When the banking system – and payments infrastructure in particular – was created, there was no consideration that anyone other than the banks would require access to it. How times have changed.
With the UK's history of sophisticated financial services, it is unsurprising that we are now firmly on the global map for FinTech innovation. As the saying goes, "build it and they will come". However, the emergence of new digital financial services providers
is bringing some uncomfortable conversations between the original 'owners' of these technology foundations, and those that are now seeking access, to underpin their next-generation offerings.
Put simply, access to payment systems operators, such as BACS, Faster Payments and CHAPS is reserved only for banks. This means that the myriad of alternative payment service providers (PSPs) and e-money issuers (EMIs) are forced to run on the rails of traditional
banks, despite being heavily regulated by the FCA themselves. In a world where thousands of payments are processed through non-traditional providers every day, this system no longer makes sense.
Key restrictions associated with this current model include a forced reliance on outdated, legacy technology. This operating system is quite at odds with the flexible modern IT architectures that we see amongst FinTech challengers. Needless to say, this
hinders innovation. But the most significant frustration for those chained to the back-end system of traditional banks is the lack of control. This typically covers restrictions on the size, number, and type of payments (e.g. international) that can be offered
to end customers. A direct result of the banks' own decisions around risk mitigation, forced by the financial crisis, these restrictions apply whether these payments are executed by the bank itself, or on behalf of clients using the bank's services. Many clearing
banks chose to rule out the provision of financial services to entire industries (such as Money Service Businesses – MSBs). The result? Any business relying on the payment infrastructure of traditional banks cannot serve this segment either.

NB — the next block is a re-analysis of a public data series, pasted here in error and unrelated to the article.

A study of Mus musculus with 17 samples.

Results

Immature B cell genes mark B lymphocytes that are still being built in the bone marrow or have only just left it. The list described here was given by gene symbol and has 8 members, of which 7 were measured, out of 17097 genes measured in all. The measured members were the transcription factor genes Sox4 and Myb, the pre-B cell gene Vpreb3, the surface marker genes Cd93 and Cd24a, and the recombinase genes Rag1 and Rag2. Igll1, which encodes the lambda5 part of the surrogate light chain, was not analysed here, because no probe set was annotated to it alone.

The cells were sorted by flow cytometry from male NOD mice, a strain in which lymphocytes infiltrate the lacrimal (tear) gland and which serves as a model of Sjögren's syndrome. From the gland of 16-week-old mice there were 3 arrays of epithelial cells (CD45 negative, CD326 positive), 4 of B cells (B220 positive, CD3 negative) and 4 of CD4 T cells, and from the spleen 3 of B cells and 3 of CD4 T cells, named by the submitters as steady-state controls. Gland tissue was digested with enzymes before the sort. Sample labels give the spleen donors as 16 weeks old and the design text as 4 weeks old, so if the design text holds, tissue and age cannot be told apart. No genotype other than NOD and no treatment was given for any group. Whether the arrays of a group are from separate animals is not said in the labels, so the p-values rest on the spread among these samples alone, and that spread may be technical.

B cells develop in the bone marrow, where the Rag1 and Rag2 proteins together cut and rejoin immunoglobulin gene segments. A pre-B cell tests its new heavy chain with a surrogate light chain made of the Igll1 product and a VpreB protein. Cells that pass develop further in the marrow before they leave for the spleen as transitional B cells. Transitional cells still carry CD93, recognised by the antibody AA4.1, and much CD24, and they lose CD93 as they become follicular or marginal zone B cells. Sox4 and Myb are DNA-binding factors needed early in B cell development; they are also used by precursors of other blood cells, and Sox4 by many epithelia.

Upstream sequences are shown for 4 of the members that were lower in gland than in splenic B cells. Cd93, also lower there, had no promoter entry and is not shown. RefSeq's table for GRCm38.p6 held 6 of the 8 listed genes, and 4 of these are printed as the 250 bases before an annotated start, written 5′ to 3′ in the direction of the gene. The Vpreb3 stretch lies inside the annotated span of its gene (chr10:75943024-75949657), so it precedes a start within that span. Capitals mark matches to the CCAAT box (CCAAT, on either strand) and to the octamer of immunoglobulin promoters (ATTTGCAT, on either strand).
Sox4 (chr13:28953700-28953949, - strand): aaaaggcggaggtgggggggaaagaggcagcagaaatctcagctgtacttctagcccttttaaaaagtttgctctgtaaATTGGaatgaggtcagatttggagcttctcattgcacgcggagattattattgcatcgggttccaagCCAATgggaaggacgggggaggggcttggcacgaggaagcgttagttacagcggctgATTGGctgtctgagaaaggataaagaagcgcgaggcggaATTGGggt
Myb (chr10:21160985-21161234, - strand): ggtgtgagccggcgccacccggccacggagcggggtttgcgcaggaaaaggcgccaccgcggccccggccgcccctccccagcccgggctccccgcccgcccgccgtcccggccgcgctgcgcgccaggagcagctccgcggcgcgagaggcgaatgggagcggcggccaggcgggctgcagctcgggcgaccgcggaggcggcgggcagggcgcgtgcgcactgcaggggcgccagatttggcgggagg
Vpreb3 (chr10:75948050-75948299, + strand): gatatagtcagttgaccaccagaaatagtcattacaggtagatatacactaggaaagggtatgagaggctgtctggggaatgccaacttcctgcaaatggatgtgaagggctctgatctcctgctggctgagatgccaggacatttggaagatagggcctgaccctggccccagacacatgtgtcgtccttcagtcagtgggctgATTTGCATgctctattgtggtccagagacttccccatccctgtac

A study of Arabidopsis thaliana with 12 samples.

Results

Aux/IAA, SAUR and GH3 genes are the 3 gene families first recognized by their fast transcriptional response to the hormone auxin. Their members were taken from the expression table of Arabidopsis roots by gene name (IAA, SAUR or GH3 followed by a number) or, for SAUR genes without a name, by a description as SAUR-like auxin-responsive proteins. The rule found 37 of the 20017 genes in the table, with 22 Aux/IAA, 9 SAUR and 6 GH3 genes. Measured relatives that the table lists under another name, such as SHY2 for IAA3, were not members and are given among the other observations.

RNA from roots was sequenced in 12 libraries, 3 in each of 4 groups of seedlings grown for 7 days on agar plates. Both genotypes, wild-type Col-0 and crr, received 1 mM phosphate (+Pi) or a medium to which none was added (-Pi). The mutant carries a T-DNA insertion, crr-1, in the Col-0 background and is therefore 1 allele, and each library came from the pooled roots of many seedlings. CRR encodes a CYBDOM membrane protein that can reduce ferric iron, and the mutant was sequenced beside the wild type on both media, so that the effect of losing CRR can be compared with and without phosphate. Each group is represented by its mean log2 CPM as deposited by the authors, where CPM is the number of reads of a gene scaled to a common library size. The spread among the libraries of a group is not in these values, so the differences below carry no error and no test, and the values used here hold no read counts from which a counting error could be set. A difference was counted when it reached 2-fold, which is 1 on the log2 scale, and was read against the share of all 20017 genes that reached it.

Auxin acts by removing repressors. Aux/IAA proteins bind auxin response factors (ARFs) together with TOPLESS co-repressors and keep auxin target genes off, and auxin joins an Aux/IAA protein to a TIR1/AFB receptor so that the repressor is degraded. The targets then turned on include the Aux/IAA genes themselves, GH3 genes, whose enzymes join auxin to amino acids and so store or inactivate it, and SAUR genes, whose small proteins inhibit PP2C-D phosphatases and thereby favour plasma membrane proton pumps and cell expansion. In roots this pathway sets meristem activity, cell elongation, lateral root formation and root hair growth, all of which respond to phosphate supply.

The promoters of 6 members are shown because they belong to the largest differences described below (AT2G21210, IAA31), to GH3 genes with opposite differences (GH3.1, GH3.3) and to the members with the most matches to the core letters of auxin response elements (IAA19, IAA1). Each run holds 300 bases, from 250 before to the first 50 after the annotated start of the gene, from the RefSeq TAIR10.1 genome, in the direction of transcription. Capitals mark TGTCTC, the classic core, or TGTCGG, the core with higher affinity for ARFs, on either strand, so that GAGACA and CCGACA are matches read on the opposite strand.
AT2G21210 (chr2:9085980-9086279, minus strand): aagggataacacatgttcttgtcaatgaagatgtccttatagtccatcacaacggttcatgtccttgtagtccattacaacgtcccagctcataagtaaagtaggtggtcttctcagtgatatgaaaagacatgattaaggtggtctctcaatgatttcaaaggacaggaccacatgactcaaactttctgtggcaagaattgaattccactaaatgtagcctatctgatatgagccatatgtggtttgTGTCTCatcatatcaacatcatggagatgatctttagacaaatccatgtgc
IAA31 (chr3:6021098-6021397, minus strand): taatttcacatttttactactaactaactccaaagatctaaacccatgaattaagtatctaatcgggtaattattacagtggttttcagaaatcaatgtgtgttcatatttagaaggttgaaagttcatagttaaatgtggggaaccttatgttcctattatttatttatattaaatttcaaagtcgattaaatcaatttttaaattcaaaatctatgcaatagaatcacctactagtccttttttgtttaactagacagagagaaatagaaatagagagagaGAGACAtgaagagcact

Of course, in a commercial environment, we can't go too much further without talking about costs. As the number of clearing banks offering access to payments services is limited, alternative payments providers are forced to pay a mark-up price to operate
through a high street bank – which is in many cases up to 600%. With a greater number of credible banks, and hopefully some larger electronic money issuers (EMIs) accessing the scheme, a more competitive market would drive down existing pricing, enabling those
procuring these services to pass savings onto customers and continue their mission of creating a fairer financial landscape.
A final, but critical hurdle to gaining direct access for alternative players is that access to Faster Payments requires a settlement account through the Bank of England (BoE) – a service which is denied to non-banks. With responsibility for the nation's
economic health in its hands, it is understandable that the BoE exercises caution when granting access to settlement accounts. However, we must find a way to mitigate the risk from non-banks, without simply ruling them out altogether.
The Payment Systems Regulator (PSR), launched in April 2015, is without a doubt the biggest groundswell of thinking, momentum, regulation and political pressure to have been generated within the payments space for generations. One of its core objectives
is to work towards establishing access to traditional infrastructure for non-banks. While this is still a work in progress, the mere existence of the body has created positive movement among the payment schemes and technology providers that the PSR now regulates,
to not just review, but to act on initiatives that will drive viable updates to the access model.